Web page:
During my senior year of high school, I took a course in art history. At one point during the class, we were discussing ancient architecture. Our teacher showed us a picture of a sculpture that looked like a winged bull with the head of a man. He stated that this sculpture was carved over 5000 years ago, and nobody knew what it was. However, after looking at the picture, I realized I had seen the same picture somewhere else. And then it clicked. I raised my hand. “I do know what that carving is,” I said. “It’s a lammasu, a guardian diety. There would be two on either side of a doorway or gate to protect it.” My teacher was very surprised and asked how I knew that. I told him that I had just read about them in another book – The Story of Science, by Joy Hakim. It’s a fascinating trilogy all about the development of modern science, from prehistoric times all the way up to the modern era. One of the first chapters discussed the history of writing. The reason I knew what those Bronze Age sculptures symbolized was because their details had been written down.
As I mentioned in my entry about Easter Island, there have been several instances of writing being invented independently throughout history.But perhaps the best-known example of this is Sumerian cuneiform. Developed by the people of ancient Sumer (now Iraq), cuneiform writing is made by pressing a reed stylus into soft clay. By changing the angle of the stylus, different shapes could be made. The tablet could then be baked to allow it to harden. This form of writing spread across Mesopotamia, and was used by the Sumerians, Akkadians, Assyrians, Babylonians, and others for their own languages.
About half a million cuneiform tablets are held by various museums around the world. Because they are so hardy, unlike writing on papyrus, paper, or wood, these tablets have survived for thousands of years. Even through the sacking and burning of cities, these tablets often come through unscathed. In fact, the fire would only cause the clay to harden more, increasing its durability.
Thanks to this, we have an incredible view of what life was like in Sumer, Assyria, Babylon, and the other civilizations of Mesopotamia. There are many incredible stories told by these clay tablets. For example, consider Ea-Nasir. Back in 2015, this merchant from 1750 BC became an internet meme. Ea-Nasir was a copper dealer, buying and selling a metal vital to the production of bronze. However, it seems that he was not a very scrupulous merchant. Several cuneiform tablets have been discovered complaining about the poor quality of his copper and bad customer service.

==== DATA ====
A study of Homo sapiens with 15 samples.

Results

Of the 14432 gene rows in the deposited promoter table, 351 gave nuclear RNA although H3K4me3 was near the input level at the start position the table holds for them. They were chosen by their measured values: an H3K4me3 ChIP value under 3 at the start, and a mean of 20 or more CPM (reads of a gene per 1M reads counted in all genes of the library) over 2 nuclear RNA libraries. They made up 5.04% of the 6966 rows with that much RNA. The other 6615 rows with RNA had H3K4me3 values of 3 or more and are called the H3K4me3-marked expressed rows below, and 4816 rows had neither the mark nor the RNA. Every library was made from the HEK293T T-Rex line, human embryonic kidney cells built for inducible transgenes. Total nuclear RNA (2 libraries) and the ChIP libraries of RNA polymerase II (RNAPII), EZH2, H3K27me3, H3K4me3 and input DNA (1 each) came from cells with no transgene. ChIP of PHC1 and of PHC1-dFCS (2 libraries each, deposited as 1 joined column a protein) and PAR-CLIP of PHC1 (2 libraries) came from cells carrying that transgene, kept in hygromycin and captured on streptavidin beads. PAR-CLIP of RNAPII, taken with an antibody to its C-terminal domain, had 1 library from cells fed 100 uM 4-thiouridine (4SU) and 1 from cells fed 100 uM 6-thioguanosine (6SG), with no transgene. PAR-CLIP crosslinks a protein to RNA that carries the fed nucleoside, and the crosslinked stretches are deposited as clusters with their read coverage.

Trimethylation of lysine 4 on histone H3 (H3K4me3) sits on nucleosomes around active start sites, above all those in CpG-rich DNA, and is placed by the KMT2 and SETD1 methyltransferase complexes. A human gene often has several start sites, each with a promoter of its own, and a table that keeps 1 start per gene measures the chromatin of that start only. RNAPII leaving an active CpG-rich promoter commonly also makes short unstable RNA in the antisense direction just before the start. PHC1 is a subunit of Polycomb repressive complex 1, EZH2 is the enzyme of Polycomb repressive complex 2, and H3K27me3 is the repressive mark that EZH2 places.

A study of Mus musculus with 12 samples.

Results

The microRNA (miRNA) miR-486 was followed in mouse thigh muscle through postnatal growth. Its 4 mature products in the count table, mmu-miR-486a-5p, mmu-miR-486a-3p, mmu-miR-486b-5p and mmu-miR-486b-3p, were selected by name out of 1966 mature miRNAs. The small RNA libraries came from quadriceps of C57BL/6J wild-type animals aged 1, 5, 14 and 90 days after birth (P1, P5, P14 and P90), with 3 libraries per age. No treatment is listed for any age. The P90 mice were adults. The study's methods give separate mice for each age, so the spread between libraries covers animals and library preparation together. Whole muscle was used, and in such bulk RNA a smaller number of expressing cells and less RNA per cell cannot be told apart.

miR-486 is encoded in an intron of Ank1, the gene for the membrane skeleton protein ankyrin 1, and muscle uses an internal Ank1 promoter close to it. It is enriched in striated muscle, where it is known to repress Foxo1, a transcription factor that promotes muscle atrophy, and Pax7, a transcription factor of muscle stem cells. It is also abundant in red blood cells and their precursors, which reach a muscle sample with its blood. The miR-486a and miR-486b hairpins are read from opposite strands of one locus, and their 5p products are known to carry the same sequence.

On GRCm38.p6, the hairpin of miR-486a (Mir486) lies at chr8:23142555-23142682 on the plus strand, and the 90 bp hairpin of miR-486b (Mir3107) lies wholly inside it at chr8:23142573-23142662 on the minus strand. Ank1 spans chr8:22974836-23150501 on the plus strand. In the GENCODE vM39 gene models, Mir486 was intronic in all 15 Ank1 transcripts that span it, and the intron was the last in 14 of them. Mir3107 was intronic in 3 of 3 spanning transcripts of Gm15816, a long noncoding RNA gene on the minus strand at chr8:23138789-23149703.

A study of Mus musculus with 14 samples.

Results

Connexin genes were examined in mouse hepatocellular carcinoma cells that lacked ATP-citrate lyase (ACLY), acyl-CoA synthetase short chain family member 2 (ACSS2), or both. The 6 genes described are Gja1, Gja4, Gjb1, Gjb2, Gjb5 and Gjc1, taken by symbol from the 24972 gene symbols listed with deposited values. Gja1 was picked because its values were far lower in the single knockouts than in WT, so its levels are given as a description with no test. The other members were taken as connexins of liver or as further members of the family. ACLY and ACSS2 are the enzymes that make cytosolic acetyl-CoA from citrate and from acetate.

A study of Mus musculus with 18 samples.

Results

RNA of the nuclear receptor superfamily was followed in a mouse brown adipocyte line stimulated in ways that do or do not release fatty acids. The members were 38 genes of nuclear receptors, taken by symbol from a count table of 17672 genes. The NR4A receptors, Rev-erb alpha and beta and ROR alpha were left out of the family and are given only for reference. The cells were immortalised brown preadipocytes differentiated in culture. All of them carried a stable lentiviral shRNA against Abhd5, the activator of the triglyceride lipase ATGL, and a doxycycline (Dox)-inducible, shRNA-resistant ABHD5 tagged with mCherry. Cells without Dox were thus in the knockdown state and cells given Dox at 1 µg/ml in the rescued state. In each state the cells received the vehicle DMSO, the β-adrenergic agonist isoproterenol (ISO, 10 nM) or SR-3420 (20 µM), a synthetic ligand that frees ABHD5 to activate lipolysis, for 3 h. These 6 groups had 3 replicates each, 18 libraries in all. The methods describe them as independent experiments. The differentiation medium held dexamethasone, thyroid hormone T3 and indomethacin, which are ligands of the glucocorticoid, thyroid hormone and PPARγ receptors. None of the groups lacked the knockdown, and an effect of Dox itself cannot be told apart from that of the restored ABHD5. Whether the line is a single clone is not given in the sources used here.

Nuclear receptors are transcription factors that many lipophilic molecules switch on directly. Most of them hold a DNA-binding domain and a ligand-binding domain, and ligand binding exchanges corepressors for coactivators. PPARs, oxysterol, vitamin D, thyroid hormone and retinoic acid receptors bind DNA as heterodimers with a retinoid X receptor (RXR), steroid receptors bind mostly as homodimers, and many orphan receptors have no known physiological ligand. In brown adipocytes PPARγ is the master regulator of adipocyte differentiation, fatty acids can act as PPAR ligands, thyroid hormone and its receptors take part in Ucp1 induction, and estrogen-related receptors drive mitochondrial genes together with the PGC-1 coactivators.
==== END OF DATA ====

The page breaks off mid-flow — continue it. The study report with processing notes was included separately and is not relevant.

Or, a letter from a student, Iddin-Sin, to his mother, Zinu. In the letter, he complains that his clothes are not as good as those of his classmates.
At a time when in our house wool is used up like bread, you have made me poor clothes. The son of Adad-iddinam, whose father is only an assistant of my father, has two new sets of clothes, while you fuss even about a single set of clothes for me. In spite of the fact that you bore me and his mother only adopted him, his mother loves him, while you, you do not love me!
I find this letter to be particularly touching, because it offers a tantalizing glimpse into the daily life of these people. This one in particular sounds like something that could have been written today. Children complaining that their parents don’t get them the newest and best things appears to be a tale as old as humanity itself.
Perhaps my favorite example is the Royal Game of Ur. This is a board game which was played throughout the Middle East since at least 2,600 BC. A variant of it was still played by Jewish populations in the 1950s. In the 1980s, Irving Finkel from the British Museum translated and reconstructed the rules of this ancient game. I have a copy myself, and I can see why it has lasted so long. It’s a very fun game.
This post was a bit of a scattershot, as I combined several topics I’ve wanted to talk about into one discussion. But to wrap it all up, I want to point out that perhaps the most important thing these tablets show us is that the people who wrote them were not really “ancient” at all. They considered themselves to be living in the modern era, and in the most advanced civilizations around. And that is true of people in every era. In 401 BC, a Greek mercenary named Xenophon fled back to Greece after a disastrous campaign in Persia. He documented his expedition in a work known as Anabasis. In the poem, he describes coming across huge ruined cities. These ruins are now thought to be Nimrud and Nineveh, two of the most important cities in the Assyrian empire. Nineveh in particular was the largest city in the world until it was sacked in 612 BC. But to the Greeks passing through, these were just ruins where they could find a night’s respite. And yet, we look back on Xenophon as being a voice from antiquity as well.
To end this post, I want to share with you a song. This song comes from the Amorite-Canaanite city of Ugarit, and is 3400 years old. This makes it the oldest piece of written music in the world. Because the musicians devised a way to use cuneiform to notate their music, this hymn to the goddess Nikkal can now be played once again. I think it’s worth listening to as you ponder what records and documents we will leave behind for others to piece together when we are gone.